Meaning of trade: scope of trade: J Bolson & Son Ltd v Farrelly  34TC161
The point at issue in the case was whether the sale of ships used to provide a passenger service was a transaction on trading account or the disposal of fixed capital assets.
The company’s original activity had been the operation of a passenger boat service, though it also carried on shipbuilding and repair activities. The sales of ships used in the passenger service were treated as disposals of fixed capital assets.
Following the outbreak of the Second World War its passenger vessels were requisitioned and the passenger boat service was discontinued. However it continued, and expanded, its shipbuilding and repair activities throughout the war.
At the end of the war the company re-commenced its passenger boat service. It re-acquired requisitioned vessels, purchased others from The Admiralty, and converted and repaired these for use as passenger carriers. Certain of these vessels it sold, some after being used for a period in the passenger boat service. The company argued that the profits arising from the sale of these vessels were capital profits.
The Commissioners decided that the profits from the sales of the vessels were assessable as trading profits. The Court of Appeal held that the Commissioners had evidence to conclude that the sales were made by way of trade.
Although Harman J in the High Court thought there was a single trade, albeit with two separate branches, Jenkins LJ, in the Court of Appeal, proceeded on the basis that there were two separate businesses. Even so, he decided that there was evidence on which the Commissioners could properly come to their conclusion.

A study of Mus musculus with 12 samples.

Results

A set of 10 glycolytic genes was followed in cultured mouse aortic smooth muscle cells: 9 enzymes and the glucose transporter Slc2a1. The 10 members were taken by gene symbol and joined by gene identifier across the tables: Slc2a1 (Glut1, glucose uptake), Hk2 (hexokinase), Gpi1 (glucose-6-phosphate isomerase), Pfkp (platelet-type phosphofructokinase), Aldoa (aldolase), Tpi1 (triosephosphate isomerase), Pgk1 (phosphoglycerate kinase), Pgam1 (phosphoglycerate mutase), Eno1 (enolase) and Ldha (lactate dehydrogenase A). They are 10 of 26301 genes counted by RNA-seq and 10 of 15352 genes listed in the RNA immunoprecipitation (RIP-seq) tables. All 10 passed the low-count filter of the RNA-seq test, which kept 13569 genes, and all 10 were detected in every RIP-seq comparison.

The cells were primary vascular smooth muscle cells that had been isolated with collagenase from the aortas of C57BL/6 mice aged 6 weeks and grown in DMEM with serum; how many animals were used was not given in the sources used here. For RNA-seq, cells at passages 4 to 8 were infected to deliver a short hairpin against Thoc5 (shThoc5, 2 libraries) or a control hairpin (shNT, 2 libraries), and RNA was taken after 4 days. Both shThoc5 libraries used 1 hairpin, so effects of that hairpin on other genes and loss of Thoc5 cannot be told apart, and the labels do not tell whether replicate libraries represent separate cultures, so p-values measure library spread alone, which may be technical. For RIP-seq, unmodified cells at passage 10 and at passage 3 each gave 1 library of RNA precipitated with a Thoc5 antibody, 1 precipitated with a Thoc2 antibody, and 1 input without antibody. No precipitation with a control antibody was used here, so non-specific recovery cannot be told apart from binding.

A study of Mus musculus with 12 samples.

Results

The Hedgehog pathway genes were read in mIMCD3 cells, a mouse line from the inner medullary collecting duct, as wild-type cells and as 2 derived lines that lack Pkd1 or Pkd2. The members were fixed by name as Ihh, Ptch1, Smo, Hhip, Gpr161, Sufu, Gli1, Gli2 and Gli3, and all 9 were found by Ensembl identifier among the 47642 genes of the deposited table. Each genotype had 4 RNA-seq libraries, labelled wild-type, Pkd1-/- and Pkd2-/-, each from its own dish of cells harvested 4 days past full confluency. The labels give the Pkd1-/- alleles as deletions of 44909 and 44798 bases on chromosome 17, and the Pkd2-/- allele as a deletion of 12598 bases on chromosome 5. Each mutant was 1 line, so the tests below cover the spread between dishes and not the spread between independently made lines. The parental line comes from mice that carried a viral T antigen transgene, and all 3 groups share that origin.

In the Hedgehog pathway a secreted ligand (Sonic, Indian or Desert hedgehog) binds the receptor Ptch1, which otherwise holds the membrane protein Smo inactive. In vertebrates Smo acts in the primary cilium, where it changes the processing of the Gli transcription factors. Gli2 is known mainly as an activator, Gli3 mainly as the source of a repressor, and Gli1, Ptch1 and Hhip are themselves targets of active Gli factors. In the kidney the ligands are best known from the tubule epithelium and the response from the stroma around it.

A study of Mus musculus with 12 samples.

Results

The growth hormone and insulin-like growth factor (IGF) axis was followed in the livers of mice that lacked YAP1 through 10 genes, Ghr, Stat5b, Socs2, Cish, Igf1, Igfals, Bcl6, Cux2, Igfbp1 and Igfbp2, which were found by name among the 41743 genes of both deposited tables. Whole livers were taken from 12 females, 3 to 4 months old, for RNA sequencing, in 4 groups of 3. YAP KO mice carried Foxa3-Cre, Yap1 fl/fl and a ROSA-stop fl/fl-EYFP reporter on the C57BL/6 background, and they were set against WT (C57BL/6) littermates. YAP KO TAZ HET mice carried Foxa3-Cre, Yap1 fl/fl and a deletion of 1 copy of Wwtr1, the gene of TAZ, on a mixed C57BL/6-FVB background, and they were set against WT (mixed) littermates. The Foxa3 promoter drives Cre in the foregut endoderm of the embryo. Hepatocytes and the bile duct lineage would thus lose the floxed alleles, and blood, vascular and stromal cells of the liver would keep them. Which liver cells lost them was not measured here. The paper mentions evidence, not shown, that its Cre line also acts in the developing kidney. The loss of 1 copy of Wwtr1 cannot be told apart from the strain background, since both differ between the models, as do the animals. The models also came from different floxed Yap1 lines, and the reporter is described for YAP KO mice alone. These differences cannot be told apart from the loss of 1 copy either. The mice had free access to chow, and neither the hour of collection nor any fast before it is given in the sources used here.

Jenkins LJ noted that:
‘… it seems to me that the true inquiry is: What in fact was the character of this business, described as it is as a passenger carrying business, during the relevant period?’
He went on to say that, on the facts, it was open to the Commissioners to conclude that:
‘… the so-called passenger carrying business during the period under review comprised not only the carrying of passengers but also the purchasing, reconditioning and reselling of the ships in question and that the trading character which these operations prima facie possessed was not destroyed or ousted by the use made by the appellant company of ships from time to time on hand for the purpose of carrying passengers. I think there was evidence on which the Commissioners could conclude that these ships never did become the “fixed capital assets” of a business of carrying passengers, but they were, throughout the relevant period, the subjects of a trade, albeit that while in hand they or most of them were used for passenger carrying purposes’ (at page 174).